CHARLOTTE, North Carolina — The North Carolina Department of Health and Human Services (NCDHHS) requested federal assistance for the Charlotte region Friday due to record COVID-19 hospitalizations.
In a news release, NCDHHS said hospitals continue to face staffing shortages due to the pandemic and hope federal support can improve the situation.
“We continue to monitor hospital capacity and staffing shortages, and have requested resources including additional nurses from FEMA,” Governor Roy Cooper said.
The state is working with Atrium Health, North Carolina’s largest health provider, on a request to FEMA and the Assistant Secretary for Preparedness and Response asking for support with more staff.
Atrium Health reported that it has tried to expand its capacity in various ways, including redeploying staff from urgent care centers; limit non-urgent procedures; closure of specialty centers; and the use of flexibilities granted by the state.
NCDHHS Secretary Kody H. Kinsley described the dire hospital situation in a letter to hospital leaders last week. He said that despite his best attempts, the health system remains above 95% capacity.
Kinsley also said the vast majority of hospitalized people are unvaccinated, making up 72% of hospitalizations and 83% of emergency room admissions related to COVID-19 statewide.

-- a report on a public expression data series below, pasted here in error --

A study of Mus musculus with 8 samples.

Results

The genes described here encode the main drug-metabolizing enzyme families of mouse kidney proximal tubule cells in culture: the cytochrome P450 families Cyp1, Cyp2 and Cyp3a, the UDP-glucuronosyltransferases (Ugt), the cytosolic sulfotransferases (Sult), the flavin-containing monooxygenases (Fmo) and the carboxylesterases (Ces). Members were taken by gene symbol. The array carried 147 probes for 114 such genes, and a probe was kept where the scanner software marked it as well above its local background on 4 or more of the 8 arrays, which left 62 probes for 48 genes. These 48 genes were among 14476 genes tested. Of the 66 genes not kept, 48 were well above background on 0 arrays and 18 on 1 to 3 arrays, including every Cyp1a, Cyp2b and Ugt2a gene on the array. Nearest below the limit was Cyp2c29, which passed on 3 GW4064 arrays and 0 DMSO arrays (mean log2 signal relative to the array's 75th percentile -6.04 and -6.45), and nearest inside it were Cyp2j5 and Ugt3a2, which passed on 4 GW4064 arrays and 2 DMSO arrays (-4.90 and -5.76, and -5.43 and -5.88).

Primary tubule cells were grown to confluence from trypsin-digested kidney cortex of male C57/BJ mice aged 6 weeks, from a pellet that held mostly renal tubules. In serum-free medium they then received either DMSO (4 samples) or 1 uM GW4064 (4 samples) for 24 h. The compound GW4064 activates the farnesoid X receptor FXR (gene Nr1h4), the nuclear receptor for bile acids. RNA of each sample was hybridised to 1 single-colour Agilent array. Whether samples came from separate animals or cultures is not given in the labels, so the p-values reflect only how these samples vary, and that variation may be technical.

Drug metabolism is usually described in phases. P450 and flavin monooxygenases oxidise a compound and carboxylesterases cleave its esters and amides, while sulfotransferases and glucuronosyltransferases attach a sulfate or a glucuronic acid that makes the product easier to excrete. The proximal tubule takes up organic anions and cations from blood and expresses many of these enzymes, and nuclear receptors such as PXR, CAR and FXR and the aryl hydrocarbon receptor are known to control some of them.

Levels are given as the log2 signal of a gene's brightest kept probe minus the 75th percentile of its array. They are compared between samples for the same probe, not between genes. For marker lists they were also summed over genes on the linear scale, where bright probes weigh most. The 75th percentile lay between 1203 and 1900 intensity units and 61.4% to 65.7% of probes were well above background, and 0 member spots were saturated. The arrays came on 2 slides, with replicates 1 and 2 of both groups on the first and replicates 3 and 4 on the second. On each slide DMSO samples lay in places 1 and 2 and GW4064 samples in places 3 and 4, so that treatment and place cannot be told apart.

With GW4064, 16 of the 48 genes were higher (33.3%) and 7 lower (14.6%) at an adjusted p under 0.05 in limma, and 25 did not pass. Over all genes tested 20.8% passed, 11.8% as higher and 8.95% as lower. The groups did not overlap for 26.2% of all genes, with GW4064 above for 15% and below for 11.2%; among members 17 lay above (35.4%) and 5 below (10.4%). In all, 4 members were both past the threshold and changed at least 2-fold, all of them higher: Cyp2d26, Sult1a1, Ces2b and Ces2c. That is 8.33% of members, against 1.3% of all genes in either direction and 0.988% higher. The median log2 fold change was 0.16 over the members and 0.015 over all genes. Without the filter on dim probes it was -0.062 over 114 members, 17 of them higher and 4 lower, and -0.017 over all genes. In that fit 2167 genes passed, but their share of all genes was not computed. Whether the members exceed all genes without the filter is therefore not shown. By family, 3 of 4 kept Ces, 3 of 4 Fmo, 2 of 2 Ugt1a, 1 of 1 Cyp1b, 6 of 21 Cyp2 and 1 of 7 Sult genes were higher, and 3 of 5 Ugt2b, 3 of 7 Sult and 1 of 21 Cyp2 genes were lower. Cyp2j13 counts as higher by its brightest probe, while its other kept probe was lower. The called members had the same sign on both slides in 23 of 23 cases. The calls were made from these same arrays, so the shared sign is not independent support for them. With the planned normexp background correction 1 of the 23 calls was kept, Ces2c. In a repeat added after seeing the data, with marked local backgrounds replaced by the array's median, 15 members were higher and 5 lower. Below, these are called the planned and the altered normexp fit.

“While we will continue to do everything we can to safeguard hospital care, every North Carolinian can do their part by staying up-to-date on COVID-19 vaccinations and wearing a proper face covering while around others during this surge. of cases,” Kinsley said.
The state continues to set daily records throughout the month of January, hitting another high Thursday with 4,741 people hospitalized.
Governor Cooper previously issued executive orders making it easier for hospitals and health care providers to care for larger numbers of COVID-19 patients.
The NCDHHS said everyone over the age of five should get a COVID-19 vaccine as soon as they are eligible. The CDC recommends a KN95 or N95 mask to be better protected.
NCDHHS said it is in close contact with federal partners and with hospitals across the state to continue to assess needs as the pandemic continues.
Earlier this month, FEMA provided the state with 25 ambulances that they have deployed to 11 counties and are currently scheduled to remain in North Carolina through February 3.